The efficiencies and thus the brightnesses of flat-panel projectors based on liquid-crystal devices (LCDs) and digital mirror devices (DMDs) would be increased by the combination of a color-scrolling technique and a light-recycling technique, according to a proposal. These techniques were originally proposed separately for the purpose of increasing the efficiencies of LCD-based display devices.
The scrolling-color technique was reported previously in "Using Surface-Plasmon Filters To Generate Scrolling Colors" (NPO-20110),NASA Tech Briefs, Vol. 23, No. 2 (February 1999), page 14a. To recapitulate: by use of prisms and surface-plasmon tunable filters, white light from a lamp or other illumination source would be converted into a pattern of scrolling primary colors. The advantage of this scheme is that both polarization components and all colors would be utilized, whereas in prior schemes, most of the light power is wasted through color and/or polarization filtering.
The light-recycling technique was reported in "Low-Absorption Color Filters for Flat-Panel Display Devices" (NPO-20435),NASA Tech Briefs, Vol. 23, No. 12 (December 1999), page 34. In this technique, one would replace traditional dye filters with surface-plasmon or interference filters, which are more reflective than absorptive. In addition, the filter and illumination optics would be arranged so that much of the light in all colors and both polarizations reflected from the filters would be sent back through the light-source optics to be reused as illumination.
The present proposal calls for, among other things, a white light source equipped with a reflector and a color-recycling and -scrolling panel (CRSP), as shown schematically in the upper part of Figure 1. The CRSP would contain an array of voltage-tunable or voltage-switchable filters, each of which would transmit one primary color [red (R), green (G), or blue (B), depending on the applied voltage] and reflect the other two primary colors. The reflected light would be bounced back and forth between the CRSP and the light-source reflector until light of each color impinged on its proper color filter. Thus, light in the three colors would be redistributed as needed and relatively little would be lost.
At the first phase of a three-phase operating cycle, the color-filter array could be energized to a color pattern as RGB . . . , for example. In the next phase, the color pattern could be changed to BRG . . . . In the third phase, the color pattern could be changed again to GBR . . . . The net result is that recycling and scrolling of colors would occur in combination. The number of color filters need not match the number of pixels in the display panel to be illuminated panel pixels; the only requirement on the number of filters is that it be an integer multiple 3.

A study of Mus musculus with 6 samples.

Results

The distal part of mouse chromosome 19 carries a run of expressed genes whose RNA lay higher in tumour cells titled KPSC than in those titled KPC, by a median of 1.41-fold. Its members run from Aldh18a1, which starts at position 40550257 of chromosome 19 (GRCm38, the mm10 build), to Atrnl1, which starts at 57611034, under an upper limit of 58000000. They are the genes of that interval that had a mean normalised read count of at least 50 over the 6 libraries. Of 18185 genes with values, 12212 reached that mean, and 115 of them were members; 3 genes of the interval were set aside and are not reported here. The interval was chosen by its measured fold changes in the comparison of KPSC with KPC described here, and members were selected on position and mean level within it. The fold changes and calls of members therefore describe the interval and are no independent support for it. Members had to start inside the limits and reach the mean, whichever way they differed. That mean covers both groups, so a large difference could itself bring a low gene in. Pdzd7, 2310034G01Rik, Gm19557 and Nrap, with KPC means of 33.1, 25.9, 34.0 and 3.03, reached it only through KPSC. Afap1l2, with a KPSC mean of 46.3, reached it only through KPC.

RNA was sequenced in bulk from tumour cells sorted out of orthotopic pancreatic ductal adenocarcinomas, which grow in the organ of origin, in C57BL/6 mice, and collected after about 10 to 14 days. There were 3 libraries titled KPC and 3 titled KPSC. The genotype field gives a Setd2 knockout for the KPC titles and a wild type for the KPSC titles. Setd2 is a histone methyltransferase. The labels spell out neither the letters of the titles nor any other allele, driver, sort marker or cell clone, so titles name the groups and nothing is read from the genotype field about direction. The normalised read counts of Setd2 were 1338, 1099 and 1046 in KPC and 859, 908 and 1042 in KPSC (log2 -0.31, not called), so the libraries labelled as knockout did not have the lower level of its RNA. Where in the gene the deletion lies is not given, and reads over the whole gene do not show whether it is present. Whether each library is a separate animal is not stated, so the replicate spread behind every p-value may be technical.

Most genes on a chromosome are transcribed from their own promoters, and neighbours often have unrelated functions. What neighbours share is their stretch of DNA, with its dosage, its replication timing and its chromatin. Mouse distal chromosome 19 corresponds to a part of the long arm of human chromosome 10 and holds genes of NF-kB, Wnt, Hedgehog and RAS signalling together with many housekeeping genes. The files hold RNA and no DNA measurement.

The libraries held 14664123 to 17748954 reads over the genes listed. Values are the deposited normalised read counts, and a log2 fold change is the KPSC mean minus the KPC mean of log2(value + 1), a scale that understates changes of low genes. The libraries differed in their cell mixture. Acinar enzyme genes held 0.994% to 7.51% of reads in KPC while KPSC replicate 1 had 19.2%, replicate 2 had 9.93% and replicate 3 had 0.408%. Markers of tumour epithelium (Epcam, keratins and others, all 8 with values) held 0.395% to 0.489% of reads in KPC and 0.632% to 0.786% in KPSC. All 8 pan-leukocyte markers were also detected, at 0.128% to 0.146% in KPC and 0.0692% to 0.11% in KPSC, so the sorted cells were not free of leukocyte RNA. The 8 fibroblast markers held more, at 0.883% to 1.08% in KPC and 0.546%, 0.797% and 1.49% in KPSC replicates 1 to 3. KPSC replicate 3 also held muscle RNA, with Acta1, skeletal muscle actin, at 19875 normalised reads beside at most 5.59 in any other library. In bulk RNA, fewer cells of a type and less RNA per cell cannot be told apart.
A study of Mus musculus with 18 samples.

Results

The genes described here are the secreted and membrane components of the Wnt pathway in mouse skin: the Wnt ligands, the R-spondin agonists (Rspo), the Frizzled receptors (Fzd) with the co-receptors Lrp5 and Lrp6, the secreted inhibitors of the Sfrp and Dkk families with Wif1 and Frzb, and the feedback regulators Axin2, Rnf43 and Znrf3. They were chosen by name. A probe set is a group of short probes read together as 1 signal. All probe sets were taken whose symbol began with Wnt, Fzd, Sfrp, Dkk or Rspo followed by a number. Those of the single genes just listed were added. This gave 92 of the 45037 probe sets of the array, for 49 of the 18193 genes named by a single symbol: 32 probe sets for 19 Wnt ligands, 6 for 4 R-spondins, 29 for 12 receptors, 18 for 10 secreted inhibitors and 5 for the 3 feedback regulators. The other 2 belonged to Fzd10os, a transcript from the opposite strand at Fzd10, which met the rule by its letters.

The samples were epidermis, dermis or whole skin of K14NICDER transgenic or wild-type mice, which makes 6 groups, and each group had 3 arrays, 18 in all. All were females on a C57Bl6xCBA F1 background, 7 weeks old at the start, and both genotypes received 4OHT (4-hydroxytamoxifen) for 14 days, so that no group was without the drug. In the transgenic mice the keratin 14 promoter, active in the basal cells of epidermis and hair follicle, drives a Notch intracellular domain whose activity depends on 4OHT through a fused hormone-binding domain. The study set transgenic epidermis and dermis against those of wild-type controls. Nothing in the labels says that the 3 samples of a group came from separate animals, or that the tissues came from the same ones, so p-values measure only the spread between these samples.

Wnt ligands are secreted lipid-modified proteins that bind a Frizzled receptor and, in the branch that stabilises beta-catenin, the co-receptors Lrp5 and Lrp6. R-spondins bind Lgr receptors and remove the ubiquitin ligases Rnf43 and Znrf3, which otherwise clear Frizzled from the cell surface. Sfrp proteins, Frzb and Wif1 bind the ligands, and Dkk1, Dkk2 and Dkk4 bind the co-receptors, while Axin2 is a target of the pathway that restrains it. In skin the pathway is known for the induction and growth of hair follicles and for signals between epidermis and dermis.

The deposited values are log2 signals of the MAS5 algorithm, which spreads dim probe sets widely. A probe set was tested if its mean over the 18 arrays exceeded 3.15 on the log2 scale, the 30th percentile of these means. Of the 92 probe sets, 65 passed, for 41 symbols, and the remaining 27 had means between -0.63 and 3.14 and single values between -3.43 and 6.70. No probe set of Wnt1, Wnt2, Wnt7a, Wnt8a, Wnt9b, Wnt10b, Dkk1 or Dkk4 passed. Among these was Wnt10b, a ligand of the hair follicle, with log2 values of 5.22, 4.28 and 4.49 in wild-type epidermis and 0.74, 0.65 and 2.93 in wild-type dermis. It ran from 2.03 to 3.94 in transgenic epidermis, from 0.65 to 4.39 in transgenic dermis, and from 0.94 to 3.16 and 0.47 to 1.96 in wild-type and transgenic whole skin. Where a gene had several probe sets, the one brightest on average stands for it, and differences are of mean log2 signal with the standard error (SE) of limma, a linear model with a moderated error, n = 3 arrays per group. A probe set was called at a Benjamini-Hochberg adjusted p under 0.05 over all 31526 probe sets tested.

The voltage-tunable or voltage-switchable color filters could be surface-plasmon tunable filters [see "Voltage-Tunable Surface-Plasmon Band-Pass Optical Filters" (NPO-19988),NASA Tech Briefs, Vol. 22, No. 8 (August 1998), page 18a]. Alternatively, they could be assemblies of interference or thin-metal film filters, high-index-of-refraction prisms, and total-internal-reflection switches [see "Digitally Tunable Color Filters and Beam Scanners" (NPO-20240),NASA Tech Briefs, Vol. 23, No. 9 (September 1999), page 65] that would include layers of an electro-optical material between prisms, as shown in the lower part of Figure 1. In the absence of applied voltage, the electro-optical layer in each switch would have a low index of refraction, so that total internal reflection would occur at the prism/switch interfaces. The application of a sufficient voltage to the switch would increase the index of refraction of the electro-optical layer sufficiently to allow light to pass through. By appropriate switching in this manner, one can cause light of the various colors to travel along various paths in the prisms to obtain various output color patterns.
Figure 2 presents an example of an LCD-based display system that would include a CRSP. The image of the CRSP would be projected into a monocolor LCD panel by a relay lens. A zoom lens would project an image of the LCD onto a screen. It would be necessary to use an electronic driver that would synchronize the scrolling of colors and the modulation of light by the LCD. Similar geometry can be applied to DMDs.
This work was done by Yu Wang of Caltech for NASA's Jet Propulsion Laboratory.
In accordance with Public Law 96-517, the contractor has elected to retain title to this invention. Inquiries concerning rights for its commercial use should be addressed to
Intellectual Property group
Mail Stop 202-233
4800 Oak Grove Drive
Pasadena, CA 91109
Refer to NPO-21052.
This Brief includes a Technical Support Package (TSP).
Unfortunately the TSP Light Recycling and Color Scrolling for Brighter Displays (reference NPO-21052-) appears to be missing from our system.